Home Sweet Home?

As I write this, I am waiting inside a train sitting motionless on the tracks in the middle of nowhere. I have spent the last two days attempting to make my way home from various airports and train stations after this amazing month in the United Kingdom. This homeward journey has now extended to over 47 hours and is only lengthening. But through it all I am trying to remember that it is this trip home that marks the end of my study abroad experience, just giving me more and more memories to attach to this incredible opportunity.

A view of the coast of Lake Michigan from my flight

Now that it has come to my attention, I have realized that travel has been a critical part of the study abroad program and my experiences during it. In this short month, I have ridden six planes, two taxis, two double-decker busses, three tour busses, one Uber, four trains (or “Overgrounds” as they are called in London), two “Undergrounds,” or subways, one public transit bus, two ferries, three cars, and walked all around the cities of Edinburgh and London. Before this trip, I had not traveled much in anything other than a car, so I was nervous at first about navigating the airports, subway stations, and train stations and finding the correct platforms or terminals in time. But I am now confident in my ability to make it anywhere after such an extensive immersion. This skill is vital to have, as I could only make it so far on my feet or in an automobile. But I feel like the whole world has now been opened to me after gaining such experience with nearly every possible method of transportation.

My total time spent on this final train home was seven hours (It was supposed to be four).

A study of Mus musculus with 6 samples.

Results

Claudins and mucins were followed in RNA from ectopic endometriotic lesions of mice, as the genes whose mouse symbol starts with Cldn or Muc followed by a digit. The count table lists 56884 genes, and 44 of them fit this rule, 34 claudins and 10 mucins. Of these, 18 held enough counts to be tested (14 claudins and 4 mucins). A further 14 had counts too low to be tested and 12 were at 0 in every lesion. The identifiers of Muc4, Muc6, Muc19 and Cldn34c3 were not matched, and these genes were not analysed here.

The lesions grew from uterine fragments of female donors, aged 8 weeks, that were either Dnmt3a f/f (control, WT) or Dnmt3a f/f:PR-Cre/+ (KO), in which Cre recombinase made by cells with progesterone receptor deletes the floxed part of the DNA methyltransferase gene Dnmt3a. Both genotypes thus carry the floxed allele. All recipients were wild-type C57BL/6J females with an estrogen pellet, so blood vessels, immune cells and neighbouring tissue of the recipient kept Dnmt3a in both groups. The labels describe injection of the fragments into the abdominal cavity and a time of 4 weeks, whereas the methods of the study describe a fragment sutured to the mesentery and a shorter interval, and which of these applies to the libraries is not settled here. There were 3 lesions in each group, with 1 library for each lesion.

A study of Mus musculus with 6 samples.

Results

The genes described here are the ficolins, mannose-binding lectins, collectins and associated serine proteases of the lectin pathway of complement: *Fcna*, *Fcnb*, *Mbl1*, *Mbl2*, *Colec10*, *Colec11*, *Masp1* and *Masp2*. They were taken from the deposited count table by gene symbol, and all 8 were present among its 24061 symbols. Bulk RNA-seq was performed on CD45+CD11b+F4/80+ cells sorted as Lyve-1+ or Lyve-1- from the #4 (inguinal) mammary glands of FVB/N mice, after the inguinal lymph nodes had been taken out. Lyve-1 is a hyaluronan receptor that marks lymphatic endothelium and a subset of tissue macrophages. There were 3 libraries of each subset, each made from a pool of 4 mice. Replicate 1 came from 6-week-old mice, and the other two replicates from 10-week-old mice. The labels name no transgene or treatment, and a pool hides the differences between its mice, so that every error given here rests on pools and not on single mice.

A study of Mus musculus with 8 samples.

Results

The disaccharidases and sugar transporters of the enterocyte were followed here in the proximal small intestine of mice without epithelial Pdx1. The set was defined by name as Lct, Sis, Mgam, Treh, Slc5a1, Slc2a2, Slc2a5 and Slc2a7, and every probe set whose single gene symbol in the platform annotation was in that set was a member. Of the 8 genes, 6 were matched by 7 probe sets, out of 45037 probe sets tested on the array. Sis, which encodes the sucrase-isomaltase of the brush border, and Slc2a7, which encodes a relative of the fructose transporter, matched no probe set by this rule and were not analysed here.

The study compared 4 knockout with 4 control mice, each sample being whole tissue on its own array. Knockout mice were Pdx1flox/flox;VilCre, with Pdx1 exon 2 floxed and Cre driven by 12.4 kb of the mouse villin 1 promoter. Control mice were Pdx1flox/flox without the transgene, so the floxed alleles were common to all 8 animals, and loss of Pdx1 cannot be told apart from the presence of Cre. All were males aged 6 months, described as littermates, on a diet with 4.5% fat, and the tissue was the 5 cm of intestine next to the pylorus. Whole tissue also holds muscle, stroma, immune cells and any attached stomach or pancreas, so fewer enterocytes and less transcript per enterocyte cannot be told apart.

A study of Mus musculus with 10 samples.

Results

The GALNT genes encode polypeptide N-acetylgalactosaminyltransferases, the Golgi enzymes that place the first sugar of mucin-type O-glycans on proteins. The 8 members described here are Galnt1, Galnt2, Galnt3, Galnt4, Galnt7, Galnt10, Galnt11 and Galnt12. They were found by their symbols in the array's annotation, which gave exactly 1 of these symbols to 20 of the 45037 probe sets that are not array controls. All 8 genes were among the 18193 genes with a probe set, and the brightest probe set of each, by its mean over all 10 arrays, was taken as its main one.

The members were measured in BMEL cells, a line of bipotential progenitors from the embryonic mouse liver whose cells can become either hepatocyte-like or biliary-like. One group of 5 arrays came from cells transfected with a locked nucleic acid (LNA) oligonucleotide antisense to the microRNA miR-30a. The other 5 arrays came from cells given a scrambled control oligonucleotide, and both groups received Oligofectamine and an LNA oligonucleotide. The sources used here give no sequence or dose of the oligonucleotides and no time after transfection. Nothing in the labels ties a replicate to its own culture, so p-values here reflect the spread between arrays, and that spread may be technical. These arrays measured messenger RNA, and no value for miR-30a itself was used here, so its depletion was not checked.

It is also during these times riding various vehicles that some of my best memories have been made. The sightseeing tours on double-decker buses in Edinburgh and London gave me the opportunity to see and learn about each city’s most iconic buildings, statues, and natural landforms. The first two Fridays, I traveled with my classmates in tour busses to places like the ruins of Jedburgh Abbey, the important Scottish author Walter Scott’s home, and Scotland’s national poet Robert Burns’ hometown. The various plane, train, and subway trips on my weekend trip to London helped me to become closer with two of my best new friends who came with me. Perhaps most notably, being stuck on a tour bus with all my classmates and our professors for a week traveling around the Highlands and a couple Isles has given us a bond unlike any other, including subtle annoyances with each other but more importantly a unique sense of community that will last in our memories and hearts for a lifetime.

So as I read blog postings from other students about what it feels like to be back home while I’m stuck here on the tracks for another two hours now, I am remembering the wonderful memories and experiences each mode of transportation has introduced. In a way, these delays have given me a gift by allowing me time to reflect on my experiences and develop a deep gratitude for them. I am eager to get back home and share with my family and friends the memories I have gained, but for now I have found a way to become content waiting and reminiscing on my own.


Kathryn Smith is a freshman at the University of Missouri- Kansas City majoring in Psychology and Pre-Medicine, with the goal to become a psychiatrist. During the month of July, Kathryn is participating in the UMKC Honors College Program in Scotland.

Student blog entries posted to the Roos Abroad Blog may not reflect the opinions and recommendations of UMKC Study Abroad and International Academic Programs. The blog is intended to give students a forum for free expression of thoughts and experiences abroad in a respectful space.